GRAND RAPIDS TOWNSHIP, Mich. (WOOD) — As large universities have recently announced a shift to online-only learning, schools in West Michigan are preparing to welcome students back for in-person learning in a new way.
Officials are making these preparations in the hopes they can mitigate the spread of COVID-19.
Wednesday marked day two of move-in for students at Cornerstone University. School officials says they welcomed about 150 students both days.
“I’m worried, as I should be, as a parent. I’m always worried but a little more worried than normal,” said Jamia Allen as she helped her junior student move-in Wednesday morning.
“We recognize that it is a very unique situation, and so our expectation is that we would journey this together and support one another through it,” said Peter Osborn, executive vice president and chief operations officer of the university.
Osborn says the university added more sections to cut all classes to 50% capacity. He says the school only has two lecture halls that seat more than 100 students. Those class sizes will now only have about 40 students. Smaller classes have been cut back to about 12 students.
The university is offering a 100% online option for students who did not feel comfortable learning in person.
Cornerstone is also requiring masks in all common spaces and has added signage to remind students to social distance.
The school opted out of testing students and faculty before allowing them on campus but it will be watching for positive cases closely.
Officials say there isn’t a specific number of positive cases that would shut the university down.
“It’s unrealistic to think that there will not be cases, that there will not be students who have symptoms. There will be faculty that will have symptoms and even test positive. That will be a part of this journey and really in our preparation, we have anticipated that,” Osborn said. “We have a quarantine protocol. We have an isolation protocol.”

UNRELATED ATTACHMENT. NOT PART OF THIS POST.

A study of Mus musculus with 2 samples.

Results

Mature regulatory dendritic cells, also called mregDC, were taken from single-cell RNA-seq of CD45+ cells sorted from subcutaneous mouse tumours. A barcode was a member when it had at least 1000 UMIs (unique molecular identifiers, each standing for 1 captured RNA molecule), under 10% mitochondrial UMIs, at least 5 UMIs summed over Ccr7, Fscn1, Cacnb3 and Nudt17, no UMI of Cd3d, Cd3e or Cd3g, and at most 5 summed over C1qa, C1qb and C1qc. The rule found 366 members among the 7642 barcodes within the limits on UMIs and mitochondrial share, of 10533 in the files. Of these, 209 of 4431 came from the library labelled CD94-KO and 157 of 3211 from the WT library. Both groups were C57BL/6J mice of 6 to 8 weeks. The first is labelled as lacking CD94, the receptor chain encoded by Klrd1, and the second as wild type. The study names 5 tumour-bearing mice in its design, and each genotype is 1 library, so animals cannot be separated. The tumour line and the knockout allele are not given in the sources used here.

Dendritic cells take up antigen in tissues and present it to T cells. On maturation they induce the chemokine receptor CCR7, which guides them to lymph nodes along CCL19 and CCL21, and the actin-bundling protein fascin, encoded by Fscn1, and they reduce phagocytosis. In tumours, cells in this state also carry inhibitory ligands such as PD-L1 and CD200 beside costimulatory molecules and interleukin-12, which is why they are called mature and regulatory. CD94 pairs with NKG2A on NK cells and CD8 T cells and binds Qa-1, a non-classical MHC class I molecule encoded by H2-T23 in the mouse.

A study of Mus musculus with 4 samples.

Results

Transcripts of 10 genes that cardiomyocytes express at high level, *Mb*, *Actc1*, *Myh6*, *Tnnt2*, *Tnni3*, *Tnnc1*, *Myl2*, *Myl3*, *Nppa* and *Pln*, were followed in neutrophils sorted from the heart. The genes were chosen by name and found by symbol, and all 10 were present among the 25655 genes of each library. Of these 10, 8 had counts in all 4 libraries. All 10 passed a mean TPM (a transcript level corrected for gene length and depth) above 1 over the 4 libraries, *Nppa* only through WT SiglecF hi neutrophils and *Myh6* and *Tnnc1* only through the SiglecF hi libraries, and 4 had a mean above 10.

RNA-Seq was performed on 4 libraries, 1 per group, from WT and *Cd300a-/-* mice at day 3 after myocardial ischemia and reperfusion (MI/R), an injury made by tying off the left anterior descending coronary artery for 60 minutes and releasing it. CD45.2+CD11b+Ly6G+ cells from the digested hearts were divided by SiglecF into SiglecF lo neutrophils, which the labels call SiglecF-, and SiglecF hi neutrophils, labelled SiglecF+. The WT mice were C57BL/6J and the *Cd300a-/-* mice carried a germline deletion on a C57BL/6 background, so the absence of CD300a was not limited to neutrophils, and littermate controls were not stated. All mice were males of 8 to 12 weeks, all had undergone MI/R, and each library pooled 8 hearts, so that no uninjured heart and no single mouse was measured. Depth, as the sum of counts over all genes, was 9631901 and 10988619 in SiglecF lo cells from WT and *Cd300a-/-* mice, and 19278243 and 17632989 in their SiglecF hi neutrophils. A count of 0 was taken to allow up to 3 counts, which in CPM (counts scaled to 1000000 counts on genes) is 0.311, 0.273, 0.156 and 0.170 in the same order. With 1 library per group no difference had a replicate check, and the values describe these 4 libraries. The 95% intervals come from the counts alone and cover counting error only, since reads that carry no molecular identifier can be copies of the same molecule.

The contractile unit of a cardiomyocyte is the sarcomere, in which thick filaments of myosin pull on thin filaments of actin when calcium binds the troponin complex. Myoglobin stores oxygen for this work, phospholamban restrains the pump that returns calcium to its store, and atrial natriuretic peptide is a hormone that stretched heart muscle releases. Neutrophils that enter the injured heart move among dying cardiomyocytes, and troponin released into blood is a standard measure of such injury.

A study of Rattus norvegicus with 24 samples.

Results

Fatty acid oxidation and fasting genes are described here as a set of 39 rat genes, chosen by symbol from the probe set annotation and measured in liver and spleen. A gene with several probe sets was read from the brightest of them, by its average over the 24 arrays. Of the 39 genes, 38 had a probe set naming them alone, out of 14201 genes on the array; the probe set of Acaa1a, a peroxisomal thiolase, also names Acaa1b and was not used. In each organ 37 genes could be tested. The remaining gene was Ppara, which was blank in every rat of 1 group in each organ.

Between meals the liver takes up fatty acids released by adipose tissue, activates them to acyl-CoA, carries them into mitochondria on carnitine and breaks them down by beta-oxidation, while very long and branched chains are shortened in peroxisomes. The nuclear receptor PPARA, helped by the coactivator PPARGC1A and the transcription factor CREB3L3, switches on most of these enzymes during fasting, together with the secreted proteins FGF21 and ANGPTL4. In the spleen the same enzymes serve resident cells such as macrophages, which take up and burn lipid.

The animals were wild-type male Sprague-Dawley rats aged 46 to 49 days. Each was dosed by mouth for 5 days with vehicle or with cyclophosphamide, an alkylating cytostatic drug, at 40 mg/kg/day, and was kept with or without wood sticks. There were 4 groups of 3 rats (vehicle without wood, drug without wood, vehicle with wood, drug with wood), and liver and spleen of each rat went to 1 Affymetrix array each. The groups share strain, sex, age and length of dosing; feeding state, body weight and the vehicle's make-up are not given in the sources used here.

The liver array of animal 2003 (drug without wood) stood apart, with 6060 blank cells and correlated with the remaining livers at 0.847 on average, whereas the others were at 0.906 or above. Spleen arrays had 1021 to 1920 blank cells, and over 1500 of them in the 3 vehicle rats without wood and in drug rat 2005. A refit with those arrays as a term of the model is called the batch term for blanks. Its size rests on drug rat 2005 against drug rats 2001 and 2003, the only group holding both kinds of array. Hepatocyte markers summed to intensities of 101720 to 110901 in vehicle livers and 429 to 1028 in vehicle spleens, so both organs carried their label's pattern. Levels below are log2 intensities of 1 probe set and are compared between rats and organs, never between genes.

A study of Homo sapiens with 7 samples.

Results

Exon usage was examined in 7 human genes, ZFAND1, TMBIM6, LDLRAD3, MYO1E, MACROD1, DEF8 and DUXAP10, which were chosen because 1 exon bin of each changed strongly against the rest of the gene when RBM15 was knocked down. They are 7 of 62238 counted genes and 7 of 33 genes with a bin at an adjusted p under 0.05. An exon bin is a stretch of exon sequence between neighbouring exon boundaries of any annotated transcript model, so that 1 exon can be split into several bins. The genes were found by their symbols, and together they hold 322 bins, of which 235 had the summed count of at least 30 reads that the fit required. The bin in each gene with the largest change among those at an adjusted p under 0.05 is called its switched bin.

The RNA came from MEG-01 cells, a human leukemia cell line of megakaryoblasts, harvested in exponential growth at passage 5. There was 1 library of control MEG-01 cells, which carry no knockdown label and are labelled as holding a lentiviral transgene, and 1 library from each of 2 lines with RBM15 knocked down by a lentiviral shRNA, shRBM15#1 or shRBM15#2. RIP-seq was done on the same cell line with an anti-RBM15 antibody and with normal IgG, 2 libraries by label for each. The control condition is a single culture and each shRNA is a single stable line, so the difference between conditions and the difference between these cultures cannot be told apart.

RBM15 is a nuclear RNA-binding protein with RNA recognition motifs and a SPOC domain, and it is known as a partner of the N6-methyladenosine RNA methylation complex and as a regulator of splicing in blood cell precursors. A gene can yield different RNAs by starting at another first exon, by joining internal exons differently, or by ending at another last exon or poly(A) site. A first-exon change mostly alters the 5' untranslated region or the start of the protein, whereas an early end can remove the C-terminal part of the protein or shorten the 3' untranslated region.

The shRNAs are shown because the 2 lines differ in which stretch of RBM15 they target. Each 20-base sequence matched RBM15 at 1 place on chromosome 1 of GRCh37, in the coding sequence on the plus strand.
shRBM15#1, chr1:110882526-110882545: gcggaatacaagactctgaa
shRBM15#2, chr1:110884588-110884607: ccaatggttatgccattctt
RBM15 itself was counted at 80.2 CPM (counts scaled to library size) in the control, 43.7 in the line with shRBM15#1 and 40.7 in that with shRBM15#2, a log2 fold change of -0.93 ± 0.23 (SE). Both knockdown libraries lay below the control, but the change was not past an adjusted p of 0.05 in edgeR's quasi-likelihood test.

Grand Valley State University is also planning to welcome students back to campus soon. Its current plan is to put only one student in dorm rooms meant for two people. GVSU will also cut down class sizes and masks will be a requirement.
Western Michigan University is planning to move forward with in person learning too.
The school’s safe return plan requires masks in indoor and outdoor spaces where social distancing is not an option. The plans also mentions intensified cleaning and encourage all students and staff to get tested for COVID-19 before returning.
“Given that our focus is on the health and safety of our community, we have consistently made decisions based on practices recommended by health professionals, the data about conditions on our campus and in our area, and government regulations. We will continue to do so,” said a university spokesperson in a statement.”As the pandemic is ever-changing, we are prepared to, and will, adapt accordingly. Based on these factors, we are continuing to implement our safe return plan.”
Students at Hope College in Holland began classes on Monday. The college says it has already seen a few dozen cases.
The school sent home pre-arrival COVID-19 tests for some 4,000 students. Of those tests, they received positive results for 38 students. Officials say that accounts for less than 1% of their population, which is well below numbers at the state level.
“Our goal was to identify them early on so that when we started on Monday, we would have a baseline of zero. Really our plan was to plan and prepare for positive cases knowing that would be the case,” said Jennifer Fellinger, spokesperson for Hope College.
Fellinger says the college has quarantine spaces and resources available for the students who test positive or show symptoms. She says out of the 38 cases they detected, the majority were identified before students made it to campus. She says those students are isolating at home.
Hope College will also require masks, encourage hand washing and ask students to social distance.
Additionally, the school says they will test 1% of their population for COVID-19 every day at random. They plan to do wastewater testing as well.
“We’ve identified different residential zones on campus, and they will be selected randomly, and we can keep our finger on the pulse of those positive cases,” said Fellinger.
Parents say they wish their students’ good health and success.
“I think that the plan that I’ve heard so far is going to keep them safe, I think. But I can only hope for the best and pray,” Allen said.
All four schools say if there is a severe outbreak, they have plans in place to pivot to online-only learning.